By Liam Heagney

Ex-England skipper Dylan Hartley has given his insight on what makes Maro Itoje so competitive, adding that he wishes he didn’t neglect ten years of his own career not training to learn instead of simply just training to train. 


Itoje was at the heart last Saturday in driving England to Six Nations glory for the first time since Hartley collected the trophy in 2017 and the now-retired hooker has explained why he has the utmost admiration for how the second row goes about his business of trying to get better as a player. 

Appearing as co-host on the latest episode of RugbyPass Offload with ex-Wales midfielder Jamie Roberts, Hartley gave a glimpse as to what life is like inside England training with the likes of Itoje, suggesting he wished it had been like that way back when he was initially capped at Test level.

“That is why Eddie (Jones) was really good for me – he probed, pushed, said you needed to do this, do that. He actually gave me feedback instead of at 21 I got capped and then it felt like I played rugby for ten years without being coached on specific things,” outlined Hartley, reflecting on his 97-cap career with England which ended with a final appearance in November 2018.  

“I used to just train for the sake of training and then one guy, almost like a mentor of mine, said why do you train? Are you training to get better or are you training just to train? I was, I suppose I am just training.

“But as soon as he asked me that I started approaching training, how can I train better today, how can I push myself in certain areas, how can I challenge and test myself, make myself feel uncomfortable, put myself in positions where I might have to catch the ball as a front row player? 


“Just little things like that. It just changed my mindset to training but that happened at 30 years old. I was late for the party,” he said, stating that the same unnamed mentor gave Itoje the same sage advice about training.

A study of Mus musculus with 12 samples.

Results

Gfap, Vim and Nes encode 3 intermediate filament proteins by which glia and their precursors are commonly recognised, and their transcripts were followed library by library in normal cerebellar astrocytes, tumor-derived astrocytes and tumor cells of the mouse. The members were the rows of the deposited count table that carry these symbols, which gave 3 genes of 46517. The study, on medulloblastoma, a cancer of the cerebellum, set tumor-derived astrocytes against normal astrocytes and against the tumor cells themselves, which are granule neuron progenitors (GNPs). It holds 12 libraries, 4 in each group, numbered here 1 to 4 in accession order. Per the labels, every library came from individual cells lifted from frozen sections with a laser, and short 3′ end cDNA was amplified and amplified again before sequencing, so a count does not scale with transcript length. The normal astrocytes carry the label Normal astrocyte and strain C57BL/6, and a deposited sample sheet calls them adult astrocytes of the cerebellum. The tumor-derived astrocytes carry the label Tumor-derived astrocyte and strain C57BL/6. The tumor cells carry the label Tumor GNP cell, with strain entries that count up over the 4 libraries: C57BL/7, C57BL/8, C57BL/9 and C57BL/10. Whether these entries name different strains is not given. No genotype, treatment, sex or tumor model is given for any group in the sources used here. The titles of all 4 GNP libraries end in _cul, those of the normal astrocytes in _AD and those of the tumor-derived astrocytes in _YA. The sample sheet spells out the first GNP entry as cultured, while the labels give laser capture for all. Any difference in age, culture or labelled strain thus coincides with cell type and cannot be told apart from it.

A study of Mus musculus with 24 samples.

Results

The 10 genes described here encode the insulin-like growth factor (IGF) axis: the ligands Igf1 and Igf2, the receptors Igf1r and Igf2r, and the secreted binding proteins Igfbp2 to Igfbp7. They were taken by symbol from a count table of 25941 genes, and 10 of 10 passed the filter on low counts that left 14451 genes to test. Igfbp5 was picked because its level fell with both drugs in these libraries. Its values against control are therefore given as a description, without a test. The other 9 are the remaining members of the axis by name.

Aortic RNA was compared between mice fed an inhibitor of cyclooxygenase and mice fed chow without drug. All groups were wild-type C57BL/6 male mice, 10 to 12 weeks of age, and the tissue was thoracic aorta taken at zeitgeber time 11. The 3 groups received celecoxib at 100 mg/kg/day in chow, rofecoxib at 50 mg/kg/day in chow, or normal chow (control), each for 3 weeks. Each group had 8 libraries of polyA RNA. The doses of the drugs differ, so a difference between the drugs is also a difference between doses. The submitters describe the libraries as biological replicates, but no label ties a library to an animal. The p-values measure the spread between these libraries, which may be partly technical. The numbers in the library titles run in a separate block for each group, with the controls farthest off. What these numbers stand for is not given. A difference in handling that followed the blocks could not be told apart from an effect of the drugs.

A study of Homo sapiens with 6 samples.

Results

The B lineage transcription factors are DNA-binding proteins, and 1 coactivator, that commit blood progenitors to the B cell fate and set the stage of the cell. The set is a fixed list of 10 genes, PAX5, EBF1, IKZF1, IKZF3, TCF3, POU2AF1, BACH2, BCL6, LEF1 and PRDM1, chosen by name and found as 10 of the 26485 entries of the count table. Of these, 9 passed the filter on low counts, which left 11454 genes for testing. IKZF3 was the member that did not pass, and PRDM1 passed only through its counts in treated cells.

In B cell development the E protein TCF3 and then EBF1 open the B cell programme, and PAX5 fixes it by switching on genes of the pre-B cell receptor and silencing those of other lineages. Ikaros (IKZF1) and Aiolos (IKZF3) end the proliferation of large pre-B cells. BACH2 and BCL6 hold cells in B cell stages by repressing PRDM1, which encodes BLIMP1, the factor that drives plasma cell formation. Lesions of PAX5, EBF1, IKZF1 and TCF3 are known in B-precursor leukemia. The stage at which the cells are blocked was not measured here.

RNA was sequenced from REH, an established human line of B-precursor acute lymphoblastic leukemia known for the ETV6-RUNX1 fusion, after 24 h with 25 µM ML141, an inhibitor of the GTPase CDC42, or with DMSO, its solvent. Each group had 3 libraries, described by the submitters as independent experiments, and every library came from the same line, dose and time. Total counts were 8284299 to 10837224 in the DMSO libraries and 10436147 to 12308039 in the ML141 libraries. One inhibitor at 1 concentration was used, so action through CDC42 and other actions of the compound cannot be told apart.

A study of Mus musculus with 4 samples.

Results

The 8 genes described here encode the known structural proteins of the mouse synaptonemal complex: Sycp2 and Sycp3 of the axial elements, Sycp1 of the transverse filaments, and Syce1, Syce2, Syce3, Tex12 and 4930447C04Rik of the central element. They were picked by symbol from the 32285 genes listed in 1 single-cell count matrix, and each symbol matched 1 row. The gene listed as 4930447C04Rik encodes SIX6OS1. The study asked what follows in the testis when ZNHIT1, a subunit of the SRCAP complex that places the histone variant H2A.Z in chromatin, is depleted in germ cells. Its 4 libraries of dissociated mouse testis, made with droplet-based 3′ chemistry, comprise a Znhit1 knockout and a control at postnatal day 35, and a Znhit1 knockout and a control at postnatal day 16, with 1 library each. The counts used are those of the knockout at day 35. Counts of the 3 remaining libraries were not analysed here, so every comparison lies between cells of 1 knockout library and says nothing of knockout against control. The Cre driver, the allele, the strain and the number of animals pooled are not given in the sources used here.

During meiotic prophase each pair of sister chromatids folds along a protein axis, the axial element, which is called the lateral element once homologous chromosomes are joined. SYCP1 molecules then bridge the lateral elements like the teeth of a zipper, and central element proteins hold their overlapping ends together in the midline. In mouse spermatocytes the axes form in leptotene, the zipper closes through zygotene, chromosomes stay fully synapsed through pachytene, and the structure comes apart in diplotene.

“It’s basically the same guy that told me about training to get better, he actually went on then to communicate that to the whole team… you’re never just waiting for the weekend. Every minute of every session is preparing for that so just deal with that next moment in front of your face. Train to get better and Maro epitomises that because he is such a competitor. 

“Eddie wants an environment where everyone is striving to win. They talked about winning that (2019) World Cup for four years in my time there and when I left they were still talking about that. They didn’t quite do it but it was there for them, they could have reached out and got it with two hands if they made that final push. 

“But that England environment is basically built for everyone to compete and to push and to win. You talk about winning the weights session, winning everything, just try and be as competitive as possible and maybe that is the Australian side of Eddie coming out because every Aussie I know is a competitive sod.


“So Maro, if you look at him, he is physical, he is athletic, but if I look at his game, I’d say it is built on his competitive nature, his competitive confrontation, his competitive physicality, everything you want in a big modern lock. 

“He is quite unassuming off the field but as soon as he comes into this leadership role, whether it is talking about lineout defence or leading the team on the field, he’s just a whole different personality and it’s all built on being a competitor.”